Monday, August 31, 2009

New Google Sites

I worked on developing two new Google Sites this weekend to support ePortfolio development in both K-12 schools and in higher education:
  • GoogleApps ePortfolios - a resource on using Google Apps for Education (and specifically Google Sites) to develop and maintain ePortfolios
  • WordPress E-Portfolios - resource on using WordPress or Edublogs to develop and maintain ePortfolios
I am inviting other educators with experience using these tools to participate in developing these two sites. I intend to use these sites as part of the research for my book, also inviting teachers who want to implement ePortfolios with Web 2.0 tools to participate in the research. I will be formulating a plan which will be announced right after Labor Day.


Mohsen said...

Dear Helen,

I am usually following you blog and publications on e-portfolios.
As in my doctoral dissertaion I am working on digital portfolios , I would like to thank you and appreciate your valuable endeavors in developing portfolio concept.
You are almost the most influential educator in the area of portfolio.
I like your blog and the way you are conceptualizing Web 2.0 tools to creat and maintain e-portfolios.
But I am just wondering with this huge amount of work on portfolio development , you may not have any all-in-one publication like a book or series of journal papers for being refered by researchers in this area.

Helen Barrett said...

Go back in this blog to June 2, 2009. You will see a blog entry about the book contract that I signed on that day. I mentioned in this entry that these two Google Sites were resources for my book research. Even so, back in June, I wondered whether writing a book in the age of Web 2.0 was an oxymoron!

I have some articles in peer reviewed journals... but they have a very small audience, and the delay between writing and publishing took over nine months. I am also not allowed to republish most of those articles on my website. Publishing on my website provides a much wider audience and more immediacy. When my book is finished, it will be almost a year before it is actually available for sale. In the age of Web 2.0, I find that delay to be frustrating. So I think there is a need for a balance...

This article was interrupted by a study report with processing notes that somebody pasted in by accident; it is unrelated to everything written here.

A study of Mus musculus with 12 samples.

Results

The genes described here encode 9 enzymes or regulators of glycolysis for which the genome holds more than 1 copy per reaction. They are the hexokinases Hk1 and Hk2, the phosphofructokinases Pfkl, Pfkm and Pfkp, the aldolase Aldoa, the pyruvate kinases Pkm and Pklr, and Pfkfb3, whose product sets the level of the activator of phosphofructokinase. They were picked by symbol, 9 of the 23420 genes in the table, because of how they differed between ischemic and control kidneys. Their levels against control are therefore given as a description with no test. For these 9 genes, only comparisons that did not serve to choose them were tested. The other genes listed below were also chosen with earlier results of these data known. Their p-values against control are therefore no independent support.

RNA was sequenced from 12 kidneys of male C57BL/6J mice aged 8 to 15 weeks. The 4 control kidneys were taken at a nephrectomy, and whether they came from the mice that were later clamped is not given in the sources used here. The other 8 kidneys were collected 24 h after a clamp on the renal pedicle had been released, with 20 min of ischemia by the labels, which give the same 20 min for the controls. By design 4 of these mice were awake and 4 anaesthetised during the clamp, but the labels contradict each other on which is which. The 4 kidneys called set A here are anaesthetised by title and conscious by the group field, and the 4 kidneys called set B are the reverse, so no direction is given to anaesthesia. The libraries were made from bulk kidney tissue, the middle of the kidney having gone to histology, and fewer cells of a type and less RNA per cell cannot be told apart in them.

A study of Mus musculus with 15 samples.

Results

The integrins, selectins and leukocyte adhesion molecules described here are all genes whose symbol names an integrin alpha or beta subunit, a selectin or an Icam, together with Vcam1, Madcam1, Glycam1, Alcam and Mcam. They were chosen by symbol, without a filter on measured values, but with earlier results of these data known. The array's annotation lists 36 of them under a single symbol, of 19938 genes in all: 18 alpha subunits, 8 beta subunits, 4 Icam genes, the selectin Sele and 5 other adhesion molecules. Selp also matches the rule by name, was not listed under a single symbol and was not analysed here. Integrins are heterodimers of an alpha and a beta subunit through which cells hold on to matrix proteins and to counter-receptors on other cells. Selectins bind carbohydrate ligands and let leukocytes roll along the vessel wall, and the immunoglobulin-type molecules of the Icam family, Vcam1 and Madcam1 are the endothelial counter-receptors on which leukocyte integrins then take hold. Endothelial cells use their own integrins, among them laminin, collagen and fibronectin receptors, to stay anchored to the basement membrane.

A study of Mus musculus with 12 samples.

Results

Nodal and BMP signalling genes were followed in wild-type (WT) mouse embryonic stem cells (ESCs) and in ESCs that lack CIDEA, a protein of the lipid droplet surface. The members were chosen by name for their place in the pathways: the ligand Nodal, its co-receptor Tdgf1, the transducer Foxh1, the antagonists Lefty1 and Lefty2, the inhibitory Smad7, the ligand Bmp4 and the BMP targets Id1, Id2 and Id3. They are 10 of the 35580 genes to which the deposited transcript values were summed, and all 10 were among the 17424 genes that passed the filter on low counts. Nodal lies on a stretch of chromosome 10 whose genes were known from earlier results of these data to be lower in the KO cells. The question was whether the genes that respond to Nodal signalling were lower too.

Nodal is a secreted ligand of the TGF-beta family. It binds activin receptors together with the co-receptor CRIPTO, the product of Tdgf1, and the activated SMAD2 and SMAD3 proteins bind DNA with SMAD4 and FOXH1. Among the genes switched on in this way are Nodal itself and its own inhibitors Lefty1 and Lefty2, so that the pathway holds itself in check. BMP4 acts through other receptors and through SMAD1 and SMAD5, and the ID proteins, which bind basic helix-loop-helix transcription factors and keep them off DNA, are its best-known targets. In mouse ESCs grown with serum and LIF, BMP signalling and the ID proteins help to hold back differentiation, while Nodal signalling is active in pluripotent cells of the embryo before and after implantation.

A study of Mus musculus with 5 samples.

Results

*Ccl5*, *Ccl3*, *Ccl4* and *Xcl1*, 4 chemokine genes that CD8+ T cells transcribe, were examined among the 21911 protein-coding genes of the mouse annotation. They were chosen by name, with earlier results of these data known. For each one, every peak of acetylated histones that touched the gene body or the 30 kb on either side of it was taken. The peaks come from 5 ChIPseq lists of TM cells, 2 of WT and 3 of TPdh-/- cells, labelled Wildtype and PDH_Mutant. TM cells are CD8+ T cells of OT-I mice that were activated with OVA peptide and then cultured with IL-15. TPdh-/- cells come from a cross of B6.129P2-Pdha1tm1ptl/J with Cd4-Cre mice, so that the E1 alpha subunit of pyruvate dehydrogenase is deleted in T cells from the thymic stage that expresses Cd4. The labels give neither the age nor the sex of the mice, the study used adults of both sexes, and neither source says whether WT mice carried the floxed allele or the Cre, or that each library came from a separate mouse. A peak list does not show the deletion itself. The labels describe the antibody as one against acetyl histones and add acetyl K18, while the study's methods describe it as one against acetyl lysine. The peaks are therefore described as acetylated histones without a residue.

Mohsen said...

Thanks Helen,

I definitely agree with you that in the age of Web 2.0 ,writing books or paper publications may not be as of interest specially by whom are information literate but, the problem is that, in my opinion, in scientific writing such as journal paper or dissertation it might not be widely accepted to refer to a website or an online source! how do you think? however I strongly pro of the idea of using all online materials in scientific research and development but this is still a major obstacle which is considered by many scholars and reveiwers!
for example, I am using some of your online materials and some e-portfolio models from your blog , how can I make reference to them in the body of my writing?

Publishing on a website is easier and much more accessible and also gets more audience than in a book for instance but the issue is that: how about the professional development and promotion? when you are a faculty member or a researcher, how this kind of online publications could be considered for evaluation of your works?

I think there is a need for some global and institutional rules in which those kinds of publications would be evaluated as of importance as others and all personal endeavors are respected for professional development whether they are online products like blogs, wikis, other social networkings, e-portfoios , e-books, etc., or other forms.

But, again let me appreciate you way of working which promotes Web 2.0 tools applications and online materials in advancing educational activities.

Helen Barrett said...

In this time of change, brought on by Web 2.0, there is a new measure of importance: the hyperlink. Google uses this form of "voting" to place a website on its list of search findings. Put in the term "electronic portfolios" into Google, and my website is the first one listed (after the Sponsored Links... money always seems to take priority... but I digress). I just did a search on the term "electronic portfolio" (a standard search term) and there was a list of three scholarly articles with the most number of citations... and two of the three listed were mine... and one has never been published in a print journal. So Google Scholar provides another measure... based on the number of scholarly articles that reference an online article.

I understand your concerns, from the viewpoint of traditional academia, but I propose there are other measures, often ignored by traditionalists, which validate newer forms of academic discourse.